The Westpac Melbourne Institute Consumer Sentiment Index fell by 7.9 per cent to 79.0 in May from 85.8 in April.
The index is now back to the lowest levels we've seen on a sustained basis since the deep recession of the early 1990s.
The two key factors influencing confidence in the latest survey were interest rates and the federal budget.
The RBA raised the official cash rate by a further 0.25 per cent at its May meeting in the week before the survey. The move came as a major surprise to markets and most commentators, clearly stoking consumer fears of more increases to come.
Meanwhile, the survey was conducted before and after the budget was announced, to give an insight into its impact on confidence.
Sentiment amongst those surveyed before the budget showed an index read of 81.3, down 5.3 per cent compared to April, while the post-budget index came in at 75.3, down an additional 7.4 per cent.
We interpret this to show that about 40 per cent of the weakness in confidence occurred before the budget and the other 60 per cent post-budget.
Clearly people were concerned about the impact the budget might have on inflation and interest rates, whereas Westpac economists' view is that it will not threaten interest rates in the near term.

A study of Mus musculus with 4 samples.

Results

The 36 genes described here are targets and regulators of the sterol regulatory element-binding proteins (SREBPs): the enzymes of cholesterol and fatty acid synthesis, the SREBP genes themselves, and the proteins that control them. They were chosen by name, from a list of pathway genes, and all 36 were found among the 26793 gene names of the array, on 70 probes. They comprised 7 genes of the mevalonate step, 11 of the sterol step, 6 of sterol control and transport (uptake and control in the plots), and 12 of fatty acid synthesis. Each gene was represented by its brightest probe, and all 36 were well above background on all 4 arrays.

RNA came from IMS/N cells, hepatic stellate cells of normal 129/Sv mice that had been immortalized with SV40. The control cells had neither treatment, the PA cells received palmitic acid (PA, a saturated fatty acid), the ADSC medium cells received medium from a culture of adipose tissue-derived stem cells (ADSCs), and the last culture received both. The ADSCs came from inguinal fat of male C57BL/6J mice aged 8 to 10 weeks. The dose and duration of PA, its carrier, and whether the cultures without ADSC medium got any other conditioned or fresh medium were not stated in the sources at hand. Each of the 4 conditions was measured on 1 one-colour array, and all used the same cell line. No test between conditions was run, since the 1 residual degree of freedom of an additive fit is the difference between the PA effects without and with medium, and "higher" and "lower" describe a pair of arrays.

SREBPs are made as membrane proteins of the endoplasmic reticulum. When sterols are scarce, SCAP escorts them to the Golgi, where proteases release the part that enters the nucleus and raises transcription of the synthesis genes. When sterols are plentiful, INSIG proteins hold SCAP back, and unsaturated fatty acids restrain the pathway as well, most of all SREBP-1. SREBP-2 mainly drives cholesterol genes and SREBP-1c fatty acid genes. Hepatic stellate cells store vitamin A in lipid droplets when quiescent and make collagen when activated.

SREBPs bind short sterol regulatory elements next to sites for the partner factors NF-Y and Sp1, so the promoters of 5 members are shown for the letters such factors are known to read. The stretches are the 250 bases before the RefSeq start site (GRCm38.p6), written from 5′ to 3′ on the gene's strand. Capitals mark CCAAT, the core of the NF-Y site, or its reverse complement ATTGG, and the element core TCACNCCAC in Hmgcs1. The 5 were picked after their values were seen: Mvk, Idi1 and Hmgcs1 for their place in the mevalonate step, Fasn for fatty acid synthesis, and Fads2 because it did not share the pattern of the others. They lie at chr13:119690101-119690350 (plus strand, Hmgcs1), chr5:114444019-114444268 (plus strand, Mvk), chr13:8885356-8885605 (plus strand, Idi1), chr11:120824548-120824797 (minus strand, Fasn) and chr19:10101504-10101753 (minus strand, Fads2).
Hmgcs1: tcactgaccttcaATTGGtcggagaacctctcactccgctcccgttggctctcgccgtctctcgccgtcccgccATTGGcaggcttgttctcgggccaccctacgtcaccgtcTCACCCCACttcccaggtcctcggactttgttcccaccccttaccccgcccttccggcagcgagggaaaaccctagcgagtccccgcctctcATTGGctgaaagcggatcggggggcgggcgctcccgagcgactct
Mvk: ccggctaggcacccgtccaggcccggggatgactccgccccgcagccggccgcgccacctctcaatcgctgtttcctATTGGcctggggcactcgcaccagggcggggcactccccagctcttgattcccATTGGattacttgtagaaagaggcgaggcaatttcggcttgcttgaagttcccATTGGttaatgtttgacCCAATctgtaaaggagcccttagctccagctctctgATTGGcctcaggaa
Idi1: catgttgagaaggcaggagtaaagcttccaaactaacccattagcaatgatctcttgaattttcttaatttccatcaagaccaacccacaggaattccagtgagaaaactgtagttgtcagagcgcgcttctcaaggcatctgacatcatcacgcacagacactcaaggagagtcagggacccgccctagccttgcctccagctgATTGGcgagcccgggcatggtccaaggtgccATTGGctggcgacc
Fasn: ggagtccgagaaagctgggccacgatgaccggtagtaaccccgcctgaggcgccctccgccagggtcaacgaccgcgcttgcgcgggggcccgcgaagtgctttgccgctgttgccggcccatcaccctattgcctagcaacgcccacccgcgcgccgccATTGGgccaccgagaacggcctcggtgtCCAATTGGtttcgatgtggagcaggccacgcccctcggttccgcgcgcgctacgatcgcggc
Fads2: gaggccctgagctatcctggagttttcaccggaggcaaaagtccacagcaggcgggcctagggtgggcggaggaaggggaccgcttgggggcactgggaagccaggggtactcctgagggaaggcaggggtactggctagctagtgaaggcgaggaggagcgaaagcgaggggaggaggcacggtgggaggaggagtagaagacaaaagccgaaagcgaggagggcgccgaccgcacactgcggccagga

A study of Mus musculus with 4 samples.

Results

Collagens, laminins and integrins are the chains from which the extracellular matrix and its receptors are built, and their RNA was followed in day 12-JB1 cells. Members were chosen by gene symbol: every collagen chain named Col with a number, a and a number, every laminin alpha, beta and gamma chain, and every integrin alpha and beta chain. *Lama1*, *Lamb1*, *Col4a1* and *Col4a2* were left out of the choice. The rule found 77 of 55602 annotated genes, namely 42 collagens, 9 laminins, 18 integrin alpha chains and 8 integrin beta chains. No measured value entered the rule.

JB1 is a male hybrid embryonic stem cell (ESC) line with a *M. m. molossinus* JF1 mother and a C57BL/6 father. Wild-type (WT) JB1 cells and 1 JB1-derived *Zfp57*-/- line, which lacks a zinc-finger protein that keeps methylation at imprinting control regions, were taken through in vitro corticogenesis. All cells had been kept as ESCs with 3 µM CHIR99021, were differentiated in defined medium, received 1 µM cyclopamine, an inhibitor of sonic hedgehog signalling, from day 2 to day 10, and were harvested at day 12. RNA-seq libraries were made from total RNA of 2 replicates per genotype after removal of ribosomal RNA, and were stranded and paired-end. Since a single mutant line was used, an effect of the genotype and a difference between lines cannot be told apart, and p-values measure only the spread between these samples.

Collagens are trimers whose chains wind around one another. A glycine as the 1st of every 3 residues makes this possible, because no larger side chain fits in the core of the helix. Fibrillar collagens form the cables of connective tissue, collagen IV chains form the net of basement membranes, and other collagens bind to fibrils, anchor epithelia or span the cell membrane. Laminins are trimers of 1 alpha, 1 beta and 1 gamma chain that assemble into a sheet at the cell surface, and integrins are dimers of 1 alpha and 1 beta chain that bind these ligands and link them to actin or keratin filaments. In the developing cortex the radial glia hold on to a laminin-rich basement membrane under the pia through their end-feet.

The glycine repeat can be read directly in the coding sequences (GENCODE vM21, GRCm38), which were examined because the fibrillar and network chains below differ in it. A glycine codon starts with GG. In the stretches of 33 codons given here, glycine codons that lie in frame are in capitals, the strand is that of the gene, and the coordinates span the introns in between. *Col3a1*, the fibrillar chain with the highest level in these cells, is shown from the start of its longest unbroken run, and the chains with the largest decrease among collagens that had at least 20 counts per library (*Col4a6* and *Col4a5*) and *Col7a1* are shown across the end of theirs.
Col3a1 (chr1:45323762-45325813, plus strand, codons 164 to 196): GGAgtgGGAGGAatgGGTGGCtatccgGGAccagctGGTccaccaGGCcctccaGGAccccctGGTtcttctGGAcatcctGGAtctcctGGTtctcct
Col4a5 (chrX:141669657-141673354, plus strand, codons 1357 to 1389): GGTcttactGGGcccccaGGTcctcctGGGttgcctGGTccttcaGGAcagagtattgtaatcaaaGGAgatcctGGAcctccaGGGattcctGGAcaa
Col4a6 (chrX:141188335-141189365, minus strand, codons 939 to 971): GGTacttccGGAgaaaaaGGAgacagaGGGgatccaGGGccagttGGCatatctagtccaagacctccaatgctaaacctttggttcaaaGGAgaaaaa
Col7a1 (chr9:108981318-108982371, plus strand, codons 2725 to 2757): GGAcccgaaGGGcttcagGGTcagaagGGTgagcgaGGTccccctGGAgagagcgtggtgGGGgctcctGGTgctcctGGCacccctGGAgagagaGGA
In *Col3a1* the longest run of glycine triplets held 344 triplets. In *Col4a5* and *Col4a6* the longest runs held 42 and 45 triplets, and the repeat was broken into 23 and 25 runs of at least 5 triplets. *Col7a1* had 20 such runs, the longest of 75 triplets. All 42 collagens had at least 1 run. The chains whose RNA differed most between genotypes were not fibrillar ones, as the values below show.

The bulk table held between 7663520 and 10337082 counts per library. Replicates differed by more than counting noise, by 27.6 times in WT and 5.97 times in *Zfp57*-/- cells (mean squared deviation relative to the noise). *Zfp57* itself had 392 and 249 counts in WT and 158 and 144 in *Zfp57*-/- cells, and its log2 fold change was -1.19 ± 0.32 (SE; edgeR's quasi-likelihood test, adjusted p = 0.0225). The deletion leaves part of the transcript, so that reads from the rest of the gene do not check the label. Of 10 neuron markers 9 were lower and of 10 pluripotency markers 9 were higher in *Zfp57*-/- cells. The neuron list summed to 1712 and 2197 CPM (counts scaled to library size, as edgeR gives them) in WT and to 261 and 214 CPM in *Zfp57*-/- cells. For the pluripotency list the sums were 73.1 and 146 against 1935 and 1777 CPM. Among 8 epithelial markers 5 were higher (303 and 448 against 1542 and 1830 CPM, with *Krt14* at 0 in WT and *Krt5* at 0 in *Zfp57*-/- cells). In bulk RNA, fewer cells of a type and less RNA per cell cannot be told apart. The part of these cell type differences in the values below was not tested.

In fact, the news on the budget was not all bad. The survey asked specifically whether respondents felt it would improve or worsen their finances. It showed 27 per cent expected their finances to worsen, while 15.5 per cent thought they would improve.
Since we began asking this question in 2010, every year we've seen those saying the budget would worsen their finances outnumber those saying they expected an improvement. The net balance this time of 11.5 per cent was actually very good. We've only seen one smaller net balance, and that was in 2018 when the budget included substantial tax cuts. So overall, I think the government can be reasonably comfortable with the response.
The other big news was a 10.7 per cent jump in confidence around the outlook for house prices, which followed a 14 per cent jump last month. That index is now at 144, indicating that there are four times more optimists than pessimists over the next 12 months.
That's an extraordinary result, and consistent with other information we're currently seeing around the housing market.
The housing story, and the strength we continue to see in the labour market, will be a big factor when the Reserve Bank sits down to consider interest rates in June and July and then again in August.
However, the weakening in the overall economic environment will be an equally important consideration.
We believe the RBA will pause in June and that by August, when the Board gets a bit more information on inflation, they will decide to remain on hold. But that risk is very much evenly balanced.